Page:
Back in the day I was the kid who sat in back of the bus, nose deep into a book. Shy, quiet, I wasn’t a team player, I didn’t roll with the pack (as it were), and the idea of being affiliated with any sort of group gave me vertigo. Instead I busied myself with Faulkner, Hemingway, Cheever and Salinger — all lonely, desperate people. Pretty emo for a teenager, but that’s to expected at that age. Especially if you’re an only child.
As I grew older I became something of a joiner, but it was always a half-hearted attempt to blend in. To not color outside the lines. Always I prefer to be on the outside, skirting the edges of things, and people who don’t really know me are shocked by this because I’m overly-verbose, gregarious, and intense. No one could really picture that my happiest moments are sometimes best spent alone.
So I guess it’s odd or serendipitous that I opted to join the Great Food Blogger Cookie Swap. Essentially, a group of food bloggers surprise one another with a tin of homemade cookies around the holidays. I fell in love with the idea because it was the very heart of why I bake — to share delicious food with others. And the swap made it easy for me to enjoy my solitude while sending sweet treats via post. If this were a convention of some sort I’d flee screaming, but I enjoyed thinking of recipes, packaging up my treats in silver tins and then receiving my bounty in the mail. My cookie recipients were Mary of Newtonienne Noshes, Sarah of My Little Red Mixer and Tara of Saucy Mouth. I was tickled to bake my very delicious berry granola bars and English toffee bars. Recipes after the jump!
MIXED-BERRY GRANOLA BARS: INGREDIENTS: Adapted from The Craft of Baking: Back-to-School Raspberry Granola Bars
12 tablespoons (1 1/2 sticks) unsalted butter, plus more for the pan
1 cup pecans, roughly chopped
1 1/2 cups unbleached all-purpose flour
1 1/4 cups old-fashioned rolled oats
1/3 cup cane sugar
1/3 cup packed dark brown sugar
1 tsp kosher salt
1/2 tsp baking soda
1 cup mixed berry preserves
(Makes 16 bars)
Preheat the oven to 350 F. Butter an 8-inch square baking pan and line the bottom with parchment.
In a small saucepan, melt the butter. Remove from the heat and let cool to room temperature. Spread the pecans on a baking sheet. Bake until lightly golden and fragrant, about 5 minutes. Cool the sheet completely on a wire rack.
In a large bowl, whisk together the flour, oats, granulated sugar, brown sugar, salt, baking soda, and pecans. Pour in the melted butter, and using a wooden spoon, mix together until well combined.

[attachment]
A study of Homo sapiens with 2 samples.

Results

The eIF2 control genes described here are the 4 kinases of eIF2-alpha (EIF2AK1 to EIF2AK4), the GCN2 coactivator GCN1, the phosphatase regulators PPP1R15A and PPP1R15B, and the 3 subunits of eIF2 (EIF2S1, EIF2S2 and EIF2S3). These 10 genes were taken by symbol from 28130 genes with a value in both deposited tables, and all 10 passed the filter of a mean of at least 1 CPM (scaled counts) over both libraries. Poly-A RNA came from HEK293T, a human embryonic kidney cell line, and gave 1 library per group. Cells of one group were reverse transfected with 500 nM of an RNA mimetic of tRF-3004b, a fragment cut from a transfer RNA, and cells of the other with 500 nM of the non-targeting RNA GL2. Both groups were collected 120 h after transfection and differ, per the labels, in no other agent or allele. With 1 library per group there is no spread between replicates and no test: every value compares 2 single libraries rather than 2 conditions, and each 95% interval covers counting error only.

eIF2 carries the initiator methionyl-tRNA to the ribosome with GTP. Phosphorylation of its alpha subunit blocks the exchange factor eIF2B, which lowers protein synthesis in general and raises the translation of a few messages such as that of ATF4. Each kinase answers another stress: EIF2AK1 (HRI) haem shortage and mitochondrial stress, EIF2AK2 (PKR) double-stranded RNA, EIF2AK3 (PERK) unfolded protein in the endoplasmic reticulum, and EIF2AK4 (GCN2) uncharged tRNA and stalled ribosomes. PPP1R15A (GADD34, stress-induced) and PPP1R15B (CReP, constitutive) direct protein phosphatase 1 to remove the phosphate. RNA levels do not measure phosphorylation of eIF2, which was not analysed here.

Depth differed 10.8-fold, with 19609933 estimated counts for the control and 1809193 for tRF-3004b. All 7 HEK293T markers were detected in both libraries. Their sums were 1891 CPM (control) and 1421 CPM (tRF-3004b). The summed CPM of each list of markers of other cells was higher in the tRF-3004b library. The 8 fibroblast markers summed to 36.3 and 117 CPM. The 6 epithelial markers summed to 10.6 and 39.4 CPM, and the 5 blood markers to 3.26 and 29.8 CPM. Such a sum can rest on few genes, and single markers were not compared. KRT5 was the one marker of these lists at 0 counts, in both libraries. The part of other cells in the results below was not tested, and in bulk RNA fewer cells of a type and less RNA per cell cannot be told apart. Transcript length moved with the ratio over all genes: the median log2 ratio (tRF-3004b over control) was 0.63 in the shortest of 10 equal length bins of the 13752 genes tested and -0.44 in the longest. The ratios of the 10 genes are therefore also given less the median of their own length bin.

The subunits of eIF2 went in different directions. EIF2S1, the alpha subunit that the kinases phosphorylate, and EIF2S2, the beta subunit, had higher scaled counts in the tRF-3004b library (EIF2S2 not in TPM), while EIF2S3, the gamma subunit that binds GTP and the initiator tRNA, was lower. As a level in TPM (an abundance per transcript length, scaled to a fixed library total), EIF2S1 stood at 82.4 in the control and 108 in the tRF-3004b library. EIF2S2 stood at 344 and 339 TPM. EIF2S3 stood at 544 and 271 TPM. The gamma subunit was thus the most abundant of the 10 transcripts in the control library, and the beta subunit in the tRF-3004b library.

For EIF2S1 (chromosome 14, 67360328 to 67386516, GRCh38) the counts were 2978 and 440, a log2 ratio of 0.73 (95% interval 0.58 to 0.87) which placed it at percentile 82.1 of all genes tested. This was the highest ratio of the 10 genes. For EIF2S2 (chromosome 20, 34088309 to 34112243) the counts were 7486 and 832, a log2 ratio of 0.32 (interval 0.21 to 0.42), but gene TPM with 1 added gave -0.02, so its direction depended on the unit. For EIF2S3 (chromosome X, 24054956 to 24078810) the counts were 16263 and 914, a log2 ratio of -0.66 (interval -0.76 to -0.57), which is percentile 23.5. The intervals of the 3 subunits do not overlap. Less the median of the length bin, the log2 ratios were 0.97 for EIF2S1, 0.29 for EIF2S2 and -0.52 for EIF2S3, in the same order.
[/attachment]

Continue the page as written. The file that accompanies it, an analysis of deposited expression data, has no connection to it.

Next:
Transfer about two thirds of the dough to the prepared baking pan. Press the dough evenly into the pan, forming a firmly packed layer. Using an offset or rubber spatula, spread the preserves over the dough. Evenly sprinkle the remaining dough over the preserves. I love seeing a pop of blistering red poke through the topping, so don’t overdo it, as you’ll be shoveling bricks rather than bars.
Bake, rotating the pan halfway through, until the top is golden brown and fragrant, about 40 minutes. Transfer the pan to a wire rack and let it cool completely. Then cut into 2-inch squares. The bars can be kept in an airtight container at room temperature for up to 1 week.
Recipe Notes: If you’re not keen on pecans, opt for almonds or pistachios. Certainly, any substantial, meaty nut will do – walnuts are equally fabulous. To note rolled oats aren’t the same as oatmeal – do not make this mistake as I have many, many moons ago. Rolled oats do not equal Quaker instant oatmeal, nor do they equal crap in a packet. As always, I use cane sugar.
VANILLA ENGLISH TOFFEE BARS: INGREDIENTS
8oz (1/2 cup or 2 sticks) unsalted butter
1/2 cup light brown cane sugar
1/2 cup granulated sugar
1 1/2 tsp light corn syrup
1/4 tsp Kosher salt
1/2 tsp vanilla extract
1 cup semi-sweet chocolate chips
1/2 cup mix of pistachio + walnuts (or you can go the full pistachio route), toasted and blitzed in a food processor to a chunky, sandy grain
Equipment: Candy thermometer
In a large pot outfitted with a candy thermometer (I can’t stress how much you need a candy thermometer for this recipe. Don’t even bother making toffee without one, as a few degrees over and you’ve got supreme candy annihilation), melt the butter, sugars, corn syrup, salt. Place a sheet of parchment paper over a baking sheet and have this close by. Also, have your chips prepared and nuts toasted, blitzed and ready to roll because once your toffee is ready it’s a race to the finish line. Using a whisk, stir occasionally until all of the ingredients have melded together. Much like making risotto, candy making requires hoovering, you have to linger, keep your eye on the pot because one misstep and you’ve got chunky, cracked toffee.
Once your mixture reaches 250F, whisk constantly. Do not stop stirring. Seriously, I mean it. I experienced a toffee disaster a month ago because I walked away, started chatting and completely FORGOT that my candy was on the stove. Until, you know, it BURNED. If, by chance, your candy starts to clump, add in a teaspoon of water and stir vigorously.
When your mixture reaches 300F, take the pot off the heat and whisk in the vanilla. Pour the mixture onto your baking sheet (it’s perfectly OK that the mixture doesn’t cover the whole of your sheet. We’re not looking for perfection as you’re going to break apart the bark anyway) and immediately tumble in your chips. Wait a minute until the chips have melted and softened into the toffee, and using an offset spatula spread the chocolate across the toffee, ensuring that the mixture covers the toffee. Sprinkle over your nuts evenly, and then allow the mixture to cool. Because I have zero patience, I bung my sheet into the freezer and within 15 minutes I’m noshing on toffee bark.